The Communications Workers of America said the new commitments offered up by T-Mobile and Sprint in an effort to get their deal approved don't cut it.
That came in a letter to the FCC Friday.
The FCC's Republican majority have signaled they will vote to approve the deal, which is the three votes it needs to at least get past the FCC--Justice has yet to weigh in.
That support was led by FCC chair Ajit Pai last week after the companies promised in a revised commitment letter (opens in new tab) to deploy out 5G on a specific timetable--particularly to rural areas--and spin off low-cost prepaid subsidiary, Boost Mobile.
But CWA said the new commitments fail to address the harms of the loss of 30,000 jobs--T-Mobile continues to maintain that merger will create jobs, but the definition of just who will keep or lose their jobs in that alleged net gain is a point of contention.
CWA also said the the rural deployment commitments are unverifiable and leave "as many as 39.2 million rural households without access to the 'New T-Mobile’s' high-speed 5G network.
T-Mobile and Sprint have also agreed to pay billions if they miss the do not fulfill the commitments, but CWA says "not only are they tax-deductible as 'voluntary contributions' to the U.S. Treasury, they represent an infinitesimal portion of the $74 billion 2018 pro forma revenue of the combined T-Mobile-Sprint."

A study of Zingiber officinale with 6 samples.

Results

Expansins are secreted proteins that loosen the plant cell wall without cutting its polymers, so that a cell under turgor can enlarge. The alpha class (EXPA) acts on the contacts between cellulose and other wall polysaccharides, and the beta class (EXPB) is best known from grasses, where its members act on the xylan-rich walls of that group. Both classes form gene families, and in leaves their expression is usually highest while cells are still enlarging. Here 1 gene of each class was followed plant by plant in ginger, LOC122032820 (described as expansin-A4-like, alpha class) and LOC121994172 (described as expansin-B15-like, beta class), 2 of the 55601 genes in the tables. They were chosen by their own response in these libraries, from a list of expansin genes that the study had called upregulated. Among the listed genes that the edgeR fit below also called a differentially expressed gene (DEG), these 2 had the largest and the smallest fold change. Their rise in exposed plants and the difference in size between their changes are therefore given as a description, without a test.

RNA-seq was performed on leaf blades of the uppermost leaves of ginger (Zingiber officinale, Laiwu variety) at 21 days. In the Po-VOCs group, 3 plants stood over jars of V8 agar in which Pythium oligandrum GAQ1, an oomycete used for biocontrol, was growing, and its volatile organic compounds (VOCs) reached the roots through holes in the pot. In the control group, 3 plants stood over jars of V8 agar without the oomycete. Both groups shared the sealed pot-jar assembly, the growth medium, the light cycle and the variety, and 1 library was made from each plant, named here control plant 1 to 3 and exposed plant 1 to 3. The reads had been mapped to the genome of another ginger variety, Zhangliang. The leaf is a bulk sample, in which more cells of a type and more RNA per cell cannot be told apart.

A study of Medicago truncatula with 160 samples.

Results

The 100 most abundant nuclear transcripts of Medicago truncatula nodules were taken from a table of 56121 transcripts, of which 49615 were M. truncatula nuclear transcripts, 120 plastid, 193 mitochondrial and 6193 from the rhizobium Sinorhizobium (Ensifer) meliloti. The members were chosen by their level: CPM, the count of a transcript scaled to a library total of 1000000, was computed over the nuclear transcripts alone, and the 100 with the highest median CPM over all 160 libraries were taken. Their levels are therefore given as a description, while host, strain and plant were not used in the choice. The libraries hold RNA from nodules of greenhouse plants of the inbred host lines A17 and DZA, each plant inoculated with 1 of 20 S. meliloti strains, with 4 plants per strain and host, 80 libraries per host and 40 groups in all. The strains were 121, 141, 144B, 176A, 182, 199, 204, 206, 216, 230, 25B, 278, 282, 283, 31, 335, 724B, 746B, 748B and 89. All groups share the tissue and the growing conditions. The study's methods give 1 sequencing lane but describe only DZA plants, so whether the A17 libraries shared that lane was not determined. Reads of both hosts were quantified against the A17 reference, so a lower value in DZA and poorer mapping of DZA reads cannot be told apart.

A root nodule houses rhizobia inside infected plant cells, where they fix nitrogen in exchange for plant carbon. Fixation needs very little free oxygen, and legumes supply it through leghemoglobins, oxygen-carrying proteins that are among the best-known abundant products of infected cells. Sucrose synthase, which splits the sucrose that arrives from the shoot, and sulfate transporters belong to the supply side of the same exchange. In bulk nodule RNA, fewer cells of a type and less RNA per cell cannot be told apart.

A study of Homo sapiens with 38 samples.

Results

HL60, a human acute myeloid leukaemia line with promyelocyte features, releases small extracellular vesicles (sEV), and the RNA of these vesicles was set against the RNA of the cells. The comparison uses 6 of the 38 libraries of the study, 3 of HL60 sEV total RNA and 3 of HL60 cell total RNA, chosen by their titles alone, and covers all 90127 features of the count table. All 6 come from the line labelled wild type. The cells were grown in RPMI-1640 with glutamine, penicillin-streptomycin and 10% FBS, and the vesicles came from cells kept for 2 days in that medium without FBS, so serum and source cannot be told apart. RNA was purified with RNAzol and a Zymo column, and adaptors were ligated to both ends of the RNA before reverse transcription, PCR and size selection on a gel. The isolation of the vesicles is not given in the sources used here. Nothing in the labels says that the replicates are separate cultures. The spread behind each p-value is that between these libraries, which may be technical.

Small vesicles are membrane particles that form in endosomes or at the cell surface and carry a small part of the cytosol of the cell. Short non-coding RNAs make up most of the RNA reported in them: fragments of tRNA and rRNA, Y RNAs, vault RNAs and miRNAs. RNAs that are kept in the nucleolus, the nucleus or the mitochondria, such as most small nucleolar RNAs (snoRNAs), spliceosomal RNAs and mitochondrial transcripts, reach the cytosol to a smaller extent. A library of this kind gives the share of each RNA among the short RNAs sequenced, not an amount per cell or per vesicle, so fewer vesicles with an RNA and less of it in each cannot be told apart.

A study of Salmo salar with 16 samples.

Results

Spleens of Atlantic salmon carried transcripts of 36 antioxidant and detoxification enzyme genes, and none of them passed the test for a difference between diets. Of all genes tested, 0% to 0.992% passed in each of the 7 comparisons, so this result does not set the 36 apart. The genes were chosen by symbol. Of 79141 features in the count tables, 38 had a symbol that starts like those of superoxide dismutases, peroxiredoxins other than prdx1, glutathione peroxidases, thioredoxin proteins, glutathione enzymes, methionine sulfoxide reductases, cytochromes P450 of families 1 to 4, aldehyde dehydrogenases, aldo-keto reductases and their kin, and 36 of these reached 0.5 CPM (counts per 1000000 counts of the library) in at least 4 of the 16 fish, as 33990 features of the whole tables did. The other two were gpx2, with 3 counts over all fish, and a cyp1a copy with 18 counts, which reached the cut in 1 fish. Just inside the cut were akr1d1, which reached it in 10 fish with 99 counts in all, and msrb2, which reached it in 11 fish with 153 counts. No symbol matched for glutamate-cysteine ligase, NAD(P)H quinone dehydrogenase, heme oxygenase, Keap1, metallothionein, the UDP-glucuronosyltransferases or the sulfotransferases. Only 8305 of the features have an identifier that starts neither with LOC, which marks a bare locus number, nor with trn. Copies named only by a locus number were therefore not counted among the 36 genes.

"The Applicants’ commitments are simply a wish list of shaky, unverifiable promises," CWA said. "The Commission should not approve the proposed transaction."
Broadcasting & Cable Newsletter
The smarter way to stay on top of broadcasting and cable industry. Sign up below.
Contributing editor John Eggerton has been an editor and/or writer on media regulation, legislation and policy for over four decades, including covering the FCC, FTC, Congress, the major media trade associations, and the federal courts. In addition to Multichannel News and Broadcasting + Cable, his work has appeared in Radio World, TV Technology, TV Fax, This Week in Consumer Electronics, Variety and the Encyclopedia Britannica.
Thank you for signing up to Broadcasting & Cable. You will receive a verification email shortly.
There was a problem. Please refresh the page and try again.